The Catholic Archbishop of San Francisco said on Thursday that he is “grieved” by “disrespectful responses” to Pope Francis’ restrictions on the Traditional Latin Mass.
“Since Pope Francis issued Traditionis custodes, I have been grieved by certain disrespectful responses; some have even included slanderous attacks on the Pontiff,” the archbishop said.
“I support Pope Francis, and his concern that those who are drawn to more traditional forms of Catholic worship also affirm the validity of the Novus Ordo form of the Mass and, indeed, of the Second Vatican Council itself.”
“As the visible head of the Church, the Pope has a global vision of Church life and can perceive things that we cannot from our more local perspective.”
Traditionis custodes, which entered into force on July 16, the day it was released, underlined that it is a bishop’s “exclusive competence” to authorize Traditional Latin Masses in his diocese.
The document made sweeping changes to Benedict XVI’s 2007 apostolic letter Summorum Pontificum, which had acknowledged the right of all priests to say Mass using the Roman Missal of 1962 without having to seek their bishop’s permission.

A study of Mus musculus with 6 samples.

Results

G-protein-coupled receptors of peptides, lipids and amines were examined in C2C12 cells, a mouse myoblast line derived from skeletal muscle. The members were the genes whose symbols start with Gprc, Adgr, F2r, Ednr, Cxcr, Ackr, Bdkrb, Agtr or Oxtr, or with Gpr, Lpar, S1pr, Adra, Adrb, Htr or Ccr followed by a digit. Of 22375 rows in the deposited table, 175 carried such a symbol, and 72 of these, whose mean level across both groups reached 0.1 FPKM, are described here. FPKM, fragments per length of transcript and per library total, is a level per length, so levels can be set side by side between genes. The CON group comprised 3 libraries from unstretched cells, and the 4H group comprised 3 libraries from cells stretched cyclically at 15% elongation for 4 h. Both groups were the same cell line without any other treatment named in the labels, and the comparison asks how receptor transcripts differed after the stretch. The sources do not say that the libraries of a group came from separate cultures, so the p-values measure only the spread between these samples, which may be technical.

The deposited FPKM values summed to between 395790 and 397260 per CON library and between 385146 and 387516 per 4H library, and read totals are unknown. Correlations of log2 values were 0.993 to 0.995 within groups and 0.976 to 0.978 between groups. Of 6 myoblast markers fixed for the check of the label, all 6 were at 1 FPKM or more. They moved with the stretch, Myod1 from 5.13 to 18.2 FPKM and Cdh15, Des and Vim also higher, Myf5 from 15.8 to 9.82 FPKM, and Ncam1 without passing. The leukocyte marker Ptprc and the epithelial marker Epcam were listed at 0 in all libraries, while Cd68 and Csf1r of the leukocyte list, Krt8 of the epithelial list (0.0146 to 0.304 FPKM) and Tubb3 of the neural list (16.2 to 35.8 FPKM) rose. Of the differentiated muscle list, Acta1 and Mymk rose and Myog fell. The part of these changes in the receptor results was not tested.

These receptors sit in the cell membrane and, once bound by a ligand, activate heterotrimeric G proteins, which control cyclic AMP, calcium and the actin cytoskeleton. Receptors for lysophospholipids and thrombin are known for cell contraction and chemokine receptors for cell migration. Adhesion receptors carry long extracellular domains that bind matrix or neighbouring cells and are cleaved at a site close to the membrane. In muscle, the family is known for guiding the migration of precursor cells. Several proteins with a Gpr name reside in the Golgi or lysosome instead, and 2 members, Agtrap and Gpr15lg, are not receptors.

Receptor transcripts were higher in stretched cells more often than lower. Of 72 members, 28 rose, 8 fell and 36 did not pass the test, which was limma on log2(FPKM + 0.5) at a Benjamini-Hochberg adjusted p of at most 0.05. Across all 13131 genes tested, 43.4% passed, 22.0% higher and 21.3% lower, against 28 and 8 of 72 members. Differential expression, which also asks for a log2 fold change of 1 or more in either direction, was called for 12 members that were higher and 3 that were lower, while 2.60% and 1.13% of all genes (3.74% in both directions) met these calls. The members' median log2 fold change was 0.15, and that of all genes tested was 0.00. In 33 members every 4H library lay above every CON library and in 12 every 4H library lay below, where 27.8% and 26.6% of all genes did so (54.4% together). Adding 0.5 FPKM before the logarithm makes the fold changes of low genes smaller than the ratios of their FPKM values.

Mass according to the 1962 Roman Missal is referred to variously as the extraordinary form of the Roman Rite, the Tridentine Mass, and the Traditional Latin Mass.
The Mass most commonly celebrated in Catholic churches worldwide, rooted in the Roman Missal promulgated in 1970 by Pope Paul VI, is also known by several different names, including the ordinary form of the Roman Rite, the Mass of Paul VI, and the Novus Ordo.
In a letter to the world’s bishops accompanying Traditionis custodes, Pope Francis said that he was “saddened by abuses in the celebration of the liturgy on all sides.”
“In common with Benedict XVI, I deplore the fact that ‘in many places the prescriptions of the new Missal are not observed in celebration, but indeed come to be interpreted as an authorization for or even a requirement of creativity, which leads to almost unbearable distortions,’” the Pope wrote.
Archbishop Cordileone, who was appointed archbishop of San Francisco by Benedict XVI in 2012, said: “I also support the other concern Pope Francis articulates in his accompanying letter to the bishops, but has been overlooked by many in these recent discussions: his denouncing widespread liturgical abuses.”